The average age of an advisor today is 56, give or take a few years. That means that most advisors got into the business around 30 years ago—a time when your office was just you and your partner. At that time marketing your business meant having a company picnic and the only financial news your clients received was from your quarterly meetings. My, how times have changed.
From the throng of new products that flood the market each week to the complex world of social media tools now at your fingertips, today’s business isn’t your grandfather’s planning firm. And with decades passed, many advisors have realized that their practice isn’t what they thought it would be 30 years down the road. Whether they’ve hit a block in the number of clients they can serve or they don’t have the time they hoped they’d have at this point to spend outside the office, most advisors don’t have their ideal practice. That can change.
To close this gap, the first thing you must figure out is just how big the gap is—and what’s missing. To do that, Diane MacPhee, a former advisor and now a business coach at DMAC Consulting Services, recommends writing your ideal week on the left side of a piece of blank, unlined paper. On the right side of that paper, write down your actual week. This should include what time you get to the office in the morning, how many hours you work, how much work you get done each day, the types of clients you work with, plus anything else that illustrates what truly happens on any given day at your firm.
Read this over a few times. Now, in the center of the paper, take a different colored pen and describe what you see as the difference between the two columns. Or, in other words, what’s missing from column B?
Don’t worry if the line items don’t match up or about keeping in any order. What’s important here, MacPhee says, is identifying where the difference lies between what you really want for your practice and the actual behavior you exhibit on a daily basis.
Now you’ve identified the gap between where you are now and where you’d like to be. See, that wasn’t so hard. Certainly a wake-up call, this should also serve as a very uncomfortable catalyst, says MacPhee, who insists that nothing drives individuals to pursue success like discontent, frustration and yes, even jealousy of someone who’s doing it right.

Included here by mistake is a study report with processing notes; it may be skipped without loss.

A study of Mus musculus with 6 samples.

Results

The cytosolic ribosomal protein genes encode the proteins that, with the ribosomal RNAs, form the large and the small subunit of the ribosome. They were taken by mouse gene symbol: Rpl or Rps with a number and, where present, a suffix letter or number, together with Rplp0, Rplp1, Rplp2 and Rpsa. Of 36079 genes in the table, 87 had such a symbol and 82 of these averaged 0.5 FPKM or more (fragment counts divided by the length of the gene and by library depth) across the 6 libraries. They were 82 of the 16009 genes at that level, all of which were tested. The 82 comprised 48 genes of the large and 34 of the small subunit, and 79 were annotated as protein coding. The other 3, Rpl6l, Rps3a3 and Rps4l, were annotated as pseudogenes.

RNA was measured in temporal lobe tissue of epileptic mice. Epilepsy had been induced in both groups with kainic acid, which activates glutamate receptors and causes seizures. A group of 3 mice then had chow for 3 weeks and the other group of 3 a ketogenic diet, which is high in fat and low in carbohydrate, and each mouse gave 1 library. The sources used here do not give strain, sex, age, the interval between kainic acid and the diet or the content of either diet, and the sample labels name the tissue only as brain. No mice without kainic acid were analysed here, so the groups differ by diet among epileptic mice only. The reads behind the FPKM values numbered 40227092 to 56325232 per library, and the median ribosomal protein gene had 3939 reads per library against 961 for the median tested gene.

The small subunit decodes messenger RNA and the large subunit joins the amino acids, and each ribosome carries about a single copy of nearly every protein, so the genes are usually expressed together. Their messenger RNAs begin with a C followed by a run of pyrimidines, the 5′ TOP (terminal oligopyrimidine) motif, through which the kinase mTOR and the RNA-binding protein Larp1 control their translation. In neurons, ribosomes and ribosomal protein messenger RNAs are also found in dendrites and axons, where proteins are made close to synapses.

The trick is doing something about it. Take that sheet of paper and make a plan. For each item in the middle column, write a list of action steps that can help you make the jump from Column B to Column A or, in general terms, your ideal practice. If you’re not sure exactly how to fix something, confer with the other people in your office. How would they fix the problem? What do they think you can do better to get there—and how can they help? Don’t stop until you’re sure that each of your action steps will get you to that ideal place.
MacPhee recommends scheduling one issue per week, though this can often take longer and should be adjusted as necessary. Timing’s not important; what is important is making sure you’ve corrected one issue before starting on the next.
Now you’re well on your way. Within just a few months, or maybe even a year, you will have transformed your business from the one that you’ve grown tired and frustrated with, into the practice that you’ve always dreamed you could attain. Sure, there will be obstacles along the way. But as you continue to assess each issue, things will get easier—and time and money will become more accessible. Keeping yourself honest and sticking to your action plans will provide results—and are sure to make you a whole lot happier.